Vietnam Friendship Village


The village is very focused on the children living there, not all of whom are orphans, but many whose parents cannot care for them adequately either due to the severity of their condition, their poverty, or the parents own related health problems. The children come from 43 provinces of Vietnam and have a variety of health problems, ranging from mental handicaps to physical deformities and sensory limitations. Many of the children are unable to continue in school either as a result of their mental or physical handicaps or because of teasing from other children. The Village provides them with a place to live, access to necessary medical care, and provides constant supervision for the children whose mental problems would otherwise lead them to endanger or harm themselves.

Although there is no formal school in the village, there are many courses that either teach the children vocational skills like sewing or artificial flower making, or give basic primary and secondary education. They are hoping to organize a signing class for the children with speech and hearing problems. Since it opened the village has had hundreds of children and veterans pass through on a rotating system. Those in dire need join the approximately 130 people living in the village, receive treatment, and if their condition permits, return to live with their families.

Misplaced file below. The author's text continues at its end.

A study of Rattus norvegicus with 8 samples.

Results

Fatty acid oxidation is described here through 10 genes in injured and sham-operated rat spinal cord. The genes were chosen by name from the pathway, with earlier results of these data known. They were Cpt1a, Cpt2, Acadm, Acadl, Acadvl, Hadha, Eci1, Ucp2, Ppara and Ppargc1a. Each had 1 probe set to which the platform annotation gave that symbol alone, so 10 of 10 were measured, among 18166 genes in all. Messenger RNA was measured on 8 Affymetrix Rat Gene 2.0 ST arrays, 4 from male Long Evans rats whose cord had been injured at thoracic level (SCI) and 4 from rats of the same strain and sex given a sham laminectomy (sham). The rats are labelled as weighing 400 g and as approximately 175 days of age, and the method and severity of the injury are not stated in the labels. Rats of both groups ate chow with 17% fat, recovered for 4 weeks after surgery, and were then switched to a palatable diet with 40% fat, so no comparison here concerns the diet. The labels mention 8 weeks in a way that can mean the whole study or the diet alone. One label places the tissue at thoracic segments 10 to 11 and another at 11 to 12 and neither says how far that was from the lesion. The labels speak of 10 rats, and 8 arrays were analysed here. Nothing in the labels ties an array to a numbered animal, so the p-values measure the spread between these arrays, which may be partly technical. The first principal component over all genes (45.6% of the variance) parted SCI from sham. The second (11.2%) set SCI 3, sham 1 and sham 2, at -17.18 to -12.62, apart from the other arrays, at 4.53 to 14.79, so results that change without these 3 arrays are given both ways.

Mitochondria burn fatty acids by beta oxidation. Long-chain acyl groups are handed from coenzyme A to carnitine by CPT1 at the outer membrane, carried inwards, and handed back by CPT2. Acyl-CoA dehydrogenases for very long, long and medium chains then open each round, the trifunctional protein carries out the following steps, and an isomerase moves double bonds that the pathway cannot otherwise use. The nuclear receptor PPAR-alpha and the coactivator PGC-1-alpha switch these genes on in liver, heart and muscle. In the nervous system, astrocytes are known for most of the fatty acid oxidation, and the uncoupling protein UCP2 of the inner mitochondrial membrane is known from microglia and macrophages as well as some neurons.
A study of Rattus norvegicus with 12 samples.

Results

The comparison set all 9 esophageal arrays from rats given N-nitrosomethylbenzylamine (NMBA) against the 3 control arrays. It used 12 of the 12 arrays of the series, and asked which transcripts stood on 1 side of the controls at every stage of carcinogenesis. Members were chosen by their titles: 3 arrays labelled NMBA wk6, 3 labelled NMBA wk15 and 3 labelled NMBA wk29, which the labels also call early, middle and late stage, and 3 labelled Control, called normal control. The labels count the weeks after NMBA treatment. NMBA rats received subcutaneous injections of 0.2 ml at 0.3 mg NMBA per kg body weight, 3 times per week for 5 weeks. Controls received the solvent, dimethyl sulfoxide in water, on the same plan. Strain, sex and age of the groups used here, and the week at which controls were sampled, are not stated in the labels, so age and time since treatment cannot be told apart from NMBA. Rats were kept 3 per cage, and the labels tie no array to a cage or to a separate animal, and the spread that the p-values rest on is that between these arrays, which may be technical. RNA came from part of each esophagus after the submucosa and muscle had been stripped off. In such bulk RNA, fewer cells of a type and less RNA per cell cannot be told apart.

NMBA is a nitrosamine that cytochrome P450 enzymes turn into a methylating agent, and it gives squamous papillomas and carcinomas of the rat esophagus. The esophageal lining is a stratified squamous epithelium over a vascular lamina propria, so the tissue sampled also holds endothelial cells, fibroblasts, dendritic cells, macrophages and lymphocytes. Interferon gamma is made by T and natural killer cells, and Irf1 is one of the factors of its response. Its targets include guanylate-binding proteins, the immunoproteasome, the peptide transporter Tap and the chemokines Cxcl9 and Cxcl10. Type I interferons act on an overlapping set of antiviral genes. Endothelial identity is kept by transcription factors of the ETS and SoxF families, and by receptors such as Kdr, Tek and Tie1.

The village has many other initiatives beyond the direct care and education it provides to the children. It works toward self-sufficiency by cultivating much of its own food, raising pigs, chickens and geese, and growing a variety of fruits and herbs. The village has an assortment of vegetable gardens, some which allow residents to grow what they wish, and one which produces organics, satisfying the entire village’s need for vegetables. They sell additional fish and produce at market to provide funding for the project which they plan to expand to include more fish ponds and a compost heap with the goal of becoming totally self-sufficient within three years.

An award winning documentary on the Friendship Village was released in 2003.[2] Directed by Michelle Mason and produced by Cypress Park Productions, the film outlines George Mizo's story, the process that led to the creation of the village, and the vision and potential of the project.